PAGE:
Update March 2022: We replayed this game to see what would happen if we made different choices and here are our thoughts:
Mind Heist is definitely replayable, as long as the players make different choices. Using the 3-letter story code you receive at the end, you can ensure you don’t accidentally choose the same path on a replay.
The framing story and initial setup will be exactly the same, but the puzzles and flow of the game will be different due to the decisions that are made. At each decision point, new items are revealed and the interactions with the avatar are different.
That said, to see a different part of the story, you may have to make a choice that you didn’t want to the first time through, and as a result you might end up in a darker timeline than you desired. If you enjoy finding all the endings, good and bad, in a choose-your-own-adventure style story, a replay might be just the thing for you.
Update January 2022: Check out the comments section for details about upgrades since we reviewed.
Mind Heist is an avatar-led, livestreamed escape room, created by Agent November in the United Kingdom.
Style of Play:
- Online native experience (can NOT be played IRL)
- Avatar controlled by the players
Required Equipment: Computer with internet connection, pen and paper
Recommended Team Size: 2-5
Play Time: 60 minutes
Price: £14 per person
Booking: book online for a specific time slot
Mind Heist was a standard avatar-led escape room. Player decisions affected the story and the difficulty of the puzzles. It was a choose-your-own-adventure-style virtual escape room.
Hivemind Review Scale
Matthew Stein’s Reaction
Agent November’s Virtual X-caper was one of my early lockdown favorites, and I’ve long awaited his followup remote creation, Mind Heist. This game shared many of the traits that made Virtual X-caper shine: a profusion of puns, a whimsical take on a spy narrative, and no shortage of fun puzzles which thriftily made use of environmental resources. Mind Heist also added in a shiny new feature: multiple decision points where the narrative and accompanying puzzles branched, lending the players increased agency and also making the game replayable with a completely different set of puzzles.
At times, though, I found that Mind Heist nearly succumbed to its ambitious structure. We encountered a fair amount of information overload, especially in attempting to keep track of key story details. Also, visible puzzles and inputs from the paths we didn’t choose sometimes convoluted the gating in the paths we had chosen. But in the end, we still finished the game with time to spare, and I’m more excited than ever to replay Mind Heist soon so I can experience the other paths we only got glimpses of this time around.
Brett Kuehner’s Reaction
- ? Very important to read and understand pre-game information (though the host will put you back on track if you didn’t understand the rules)
- – It seemed like some video clips were available before they should have been, which added some confusion at the start
- + Fun story and intro
- – Game flow was a bit erratic because of variable puzzle complexity
- + Players make in-game ethical decisions that affect puzzle difficulty and game outcome
- + Multiple decision options and puzzle tracks should make the game replayable
- – Presence of multiple puzzle tracks sometimes makes it unclear what items are in play
- + Good puzzle variety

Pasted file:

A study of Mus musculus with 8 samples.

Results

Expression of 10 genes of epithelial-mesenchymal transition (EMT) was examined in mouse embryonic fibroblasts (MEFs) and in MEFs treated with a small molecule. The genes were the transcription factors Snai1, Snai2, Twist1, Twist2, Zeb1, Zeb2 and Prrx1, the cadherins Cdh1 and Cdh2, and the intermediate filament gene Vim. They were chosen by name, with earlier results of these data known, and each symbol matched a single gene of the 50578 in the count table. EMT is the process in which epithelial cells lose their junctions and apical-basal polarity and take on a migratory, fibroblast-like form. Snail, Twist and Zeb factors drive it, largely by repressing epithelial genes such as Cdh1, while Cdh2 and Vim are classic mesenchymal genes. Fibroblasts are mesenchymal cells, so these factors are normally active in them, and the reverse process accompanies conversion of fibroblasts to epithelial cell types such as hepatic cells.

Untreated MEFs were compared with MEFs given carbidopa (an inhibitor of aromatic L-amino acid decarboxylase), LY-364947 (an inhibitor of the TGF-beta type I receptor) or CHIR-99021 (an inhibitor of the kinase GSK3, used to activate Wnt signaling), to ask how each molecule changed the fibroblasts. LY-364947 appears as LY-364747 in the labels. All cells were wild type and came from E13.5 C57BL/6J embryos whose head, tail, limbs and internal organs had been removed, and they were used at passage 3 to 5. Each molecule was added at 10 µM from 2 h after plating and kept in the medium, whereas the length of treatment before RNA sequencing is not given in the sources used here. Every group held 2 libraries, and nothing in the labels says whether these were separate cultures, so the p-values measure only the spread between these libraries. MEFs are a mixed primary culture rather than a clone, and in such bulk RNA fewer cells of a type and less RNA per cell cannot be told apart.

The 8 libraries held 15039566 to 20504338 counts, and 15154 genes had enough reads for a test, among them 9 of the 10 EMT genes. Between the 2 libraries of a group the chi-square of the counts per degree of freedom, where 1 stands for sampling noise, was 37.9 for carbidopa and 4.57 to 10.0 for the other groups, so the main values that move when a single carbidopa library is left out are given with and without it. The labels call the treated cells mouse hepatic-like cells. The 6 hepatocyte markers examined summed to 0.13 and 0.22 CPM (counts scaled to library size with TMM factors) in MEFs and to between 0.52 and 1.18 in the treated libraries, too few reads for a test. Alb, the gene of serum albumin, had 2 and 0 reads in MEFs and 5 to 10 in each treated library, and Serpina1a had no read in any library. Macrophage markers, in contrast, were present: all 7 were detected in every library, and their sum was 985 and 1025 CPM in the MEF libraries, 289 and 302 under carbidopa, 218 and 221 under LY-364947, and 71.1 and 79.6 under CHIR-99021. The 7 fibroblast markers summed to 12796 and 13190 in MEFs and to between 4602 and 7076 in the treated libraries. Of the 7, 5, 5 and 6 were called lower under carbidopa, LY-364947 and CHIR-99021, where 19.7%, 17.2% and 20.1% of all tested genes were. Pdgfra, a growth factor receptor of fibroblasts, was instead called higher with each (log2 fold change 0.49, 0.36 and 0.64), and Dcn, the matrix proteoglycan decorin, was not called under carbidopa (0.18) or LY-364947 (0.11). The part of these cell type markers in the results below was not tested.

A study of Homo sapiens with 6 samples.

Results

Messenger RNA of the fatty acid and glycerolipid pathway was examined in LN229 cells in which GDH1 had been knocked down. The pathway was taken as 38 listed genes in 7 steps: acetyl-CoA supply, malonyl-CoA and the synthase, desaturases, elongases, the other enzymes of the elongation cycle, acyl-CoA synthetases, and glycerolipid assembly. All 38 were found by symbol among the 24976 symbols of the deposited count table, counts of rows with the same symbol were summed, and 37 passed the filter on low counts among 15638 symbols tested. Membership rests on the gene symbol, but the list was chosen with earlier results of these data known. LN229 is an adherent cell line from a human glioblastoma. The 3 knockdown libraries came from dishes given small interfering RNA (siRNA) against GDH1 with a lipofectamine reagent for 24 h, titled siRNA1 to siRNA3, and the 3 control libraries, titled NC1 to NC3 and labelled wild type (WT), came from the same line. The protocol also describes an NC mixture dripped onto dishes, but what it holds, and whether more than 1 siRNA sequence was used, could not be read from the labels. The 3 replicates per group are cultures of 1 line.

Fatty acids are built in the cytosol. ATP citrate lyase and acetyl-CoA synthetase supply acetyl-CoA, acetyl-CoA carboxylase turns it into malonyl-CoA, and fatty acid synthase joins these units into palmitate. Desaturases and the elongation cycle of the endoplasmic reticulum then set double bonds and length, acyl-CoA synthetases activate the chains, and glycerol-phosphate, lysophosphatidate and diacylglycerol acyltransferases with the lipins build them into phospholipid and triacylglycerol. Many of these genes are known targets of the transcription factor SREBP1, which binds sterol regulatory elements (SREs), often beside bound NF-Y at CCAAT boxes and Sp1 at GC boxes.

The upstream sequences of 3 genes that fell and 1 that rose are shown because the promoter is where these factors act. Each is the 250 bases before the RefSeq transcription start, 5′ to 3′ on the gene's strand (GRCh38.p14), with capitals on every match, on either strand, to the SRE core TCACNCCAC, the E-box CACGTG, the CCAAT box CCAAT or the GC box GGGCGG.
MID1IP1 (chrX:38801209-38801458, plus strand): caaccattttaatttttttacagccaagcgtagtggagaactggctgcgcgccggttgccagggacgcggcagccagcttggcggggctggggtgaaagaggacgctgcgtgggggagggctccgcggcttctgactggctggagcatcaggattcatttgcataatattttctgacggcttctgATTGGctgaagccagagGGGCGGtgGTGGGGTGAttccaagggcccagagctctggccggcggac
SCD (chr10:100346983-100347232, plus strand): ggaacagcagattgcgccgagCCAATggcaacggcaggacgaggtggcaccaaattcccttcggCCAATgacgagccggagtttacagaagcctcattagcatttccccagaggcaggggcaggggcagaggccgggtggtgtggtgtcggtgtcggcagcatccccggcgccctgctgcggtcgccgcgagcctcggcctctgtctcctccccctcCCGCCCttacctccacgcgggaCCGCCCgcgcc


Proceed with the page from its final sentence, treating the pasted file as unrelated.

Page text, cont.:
- + High-quality video segments integrated into the game
- + Entertaining sense of humor permeates the game
- – Less opportunity for character interaction, which is what I thought made Virtual X-Caper so enjoyable
- ? If you like puzzles more than avatar interaction, you’ll probably like this better than Virtual X-Caper
Theresa W’s Reaction
Agent November absolutely took my favorite things about their first game, fixed them up a bit, and designed what ended up being this incredibly fun experience! While not the flashiest virtual game, Mind Heist nailed their humor and quirky gameplay. Their advanced use of Zoom features tied in well with the choose-your-own adventure gameplay, allowing players to re-play and see an entirely new set of puzzles depending on decisions made along the way. The beginning of the game was a bit choppy and could be refined a bit more to cut down on overall game time, but it got the important set-up out of the way before the game began. This game is absolutely worth checking out, regardless of whether you’ve played their first game or not!
David Spira’s Reaction
I’ll confess, this was my first Agent November game; I was aware of the buzz last year, but never had a chance to play (Lisa did). So, I went into Agent November with limited knowledge and no emotional attachment to the series.
In Mind Heist, I found a competent avatar-driven experience, with an engaging and entertaining avatar. The puzzles and character interactions were generally well constructed. From a gameplay perspective, my biggest frustration was the presence of a second puzzle path that wasn’t relevant to our play-though, but created a dread that we had far too much unsolved in what turned out to be the closing moments of the game.
Looking at the larger picture, I felt like the friend who was taken to the prequel film in a multipart movie series, and my friends were all reacting to the references that they got and were lost on me. None of that is to say that Mind Heist is bad, just that it felt like a love letter to the folks who have supported Agent November this past year, and I was not among that legion… and if I wanted to understand the hype, I have the impression that I needed to start with their first game.
Disclosure: Agent November provided the Hivemind reviewers with a complimentary play.